What Is Dwelling Insurance?
When you own a home, you face the possibility of experiencing structural damage or loss due to catastrophic events. Everyone knows that homeowners insurance is designed to cover loss to residential structures. However, many are unaware that a separate dwelling policy is also available and might be a more cost-effective choice for some residential property owners.
In a homeowners insurance policy, "dwelling" is defined as the physical home that the policyholder lives in and any structures attached to the home. In a separate dwelling policy, the dwelling is also the structure and attached buildings. However, in a homeowners policy, not only is the dwelling insured but the policy generally protects the personal belongings of the occupants and includes personal liability coverage. A separate dwelling policy only covers damage to the structure and does not include personal belongings or liability protection.
What Is Covered
Typical dwelling coverage, whether in a separate policy or within a homeowners policy, includes any damage to the structure or fixtures and systems, such as plumbing, heating and cooling and electrical wiring. Decks, porches and garages that are attached to the structure are typically covered too. Insuring other structures, such as detached garages, guest cottages or storage sheds, will require additional coverage.
Who Needs Dwelling Insurance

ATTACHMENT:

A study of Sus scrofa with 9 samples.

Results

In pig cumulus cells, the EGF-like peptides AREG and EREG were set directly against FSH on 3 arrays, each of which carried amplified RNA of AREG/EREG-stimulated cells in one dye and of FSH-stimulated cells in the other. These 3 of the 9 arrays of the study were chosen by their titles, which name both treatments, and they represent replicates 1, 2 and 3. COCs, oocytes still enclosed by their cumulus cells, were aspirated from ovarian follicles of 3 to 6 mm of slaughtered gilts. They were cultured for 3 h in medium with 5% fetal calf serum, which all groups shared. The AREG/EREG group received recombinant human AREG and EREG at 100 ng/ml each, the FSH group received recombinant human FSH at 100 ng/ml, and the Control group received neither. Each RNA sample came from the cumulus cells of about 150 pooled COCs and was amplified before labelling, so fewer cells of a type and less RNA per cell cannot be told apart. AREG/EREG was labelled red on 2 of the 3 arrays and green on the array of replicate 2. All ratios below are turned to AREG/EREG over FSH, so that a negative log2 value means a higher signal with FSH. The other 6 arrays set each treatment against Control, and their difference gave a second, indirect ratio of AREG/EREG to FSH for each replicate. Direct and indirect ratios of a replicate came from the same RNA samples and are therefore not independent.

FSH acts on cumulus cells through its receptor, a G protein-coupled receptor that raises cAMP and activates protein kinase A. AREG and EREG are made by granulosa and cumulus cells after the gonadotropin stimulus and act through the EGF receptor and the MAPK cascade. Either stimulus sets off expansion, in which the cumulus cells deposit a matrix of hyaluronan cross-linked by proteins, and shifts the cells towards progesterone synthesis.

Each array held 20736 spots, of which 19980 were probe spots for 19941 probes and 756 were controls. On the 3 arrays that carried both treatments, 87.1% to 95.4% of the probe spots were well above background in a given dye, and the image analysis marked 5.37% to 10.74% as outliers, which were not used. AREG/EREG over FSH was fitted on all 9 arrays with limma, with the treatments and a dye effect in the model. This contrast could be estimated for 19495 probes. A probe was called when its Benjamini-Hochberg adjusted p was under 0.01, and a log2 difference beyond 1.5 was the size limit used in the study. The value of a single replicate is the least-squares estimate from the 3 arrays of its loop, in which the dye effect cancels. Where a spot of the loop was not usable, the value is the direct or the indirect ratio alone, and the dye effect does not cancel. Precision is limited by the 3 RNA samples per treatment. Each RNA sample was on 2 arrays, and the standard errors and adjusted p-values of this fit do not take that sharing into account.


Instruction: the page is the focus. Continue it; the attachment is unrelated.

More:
A separate dwelling policy is generally used for property that is not a primary residence. This would include vacation homes and investment properties, where the policyholder is either living in the dwelling sporadically or leasing it for income. Dwelling insurance can be supplemented with liability insurance and the two types of insurance might be packaged as landlord insurance by some insurance companies. This is also the type of insurance a lender might purchase when a policyholder has allowed his homeowners insurance to lapse.
Dwelling insurance might be the most cost-effective way to purchase insurance for people who own multiple homes. However, vacant dwellings typically cost more to insure because empty homes are at risk for vandalism. Damage incurred by vandalism is not included in a basic dwelling policy and requires the additional cost of a vandalism rider. Dwelling coverage should be reviewed occasionally to ensure that adequate coverage is being provided. For instance, coverage is usually structured to pay for the replacement cost of the home. If coverage should drop below 80 percent of the full cost of replacement, the insurer may reduce claim compensation. Your insurance agent can tell you what your home replacement cost is and give you guidelines for reviewing your particular policy needs.
Alex Burke holds a degree in environmental design and a Master of Arts in information management. She's worked as a licensed interior designer, artist, database administrator and nightclub manager. A perpetual student, Burke writes Web content on a variety of topics, including art, interior design, database design, culture, health and business.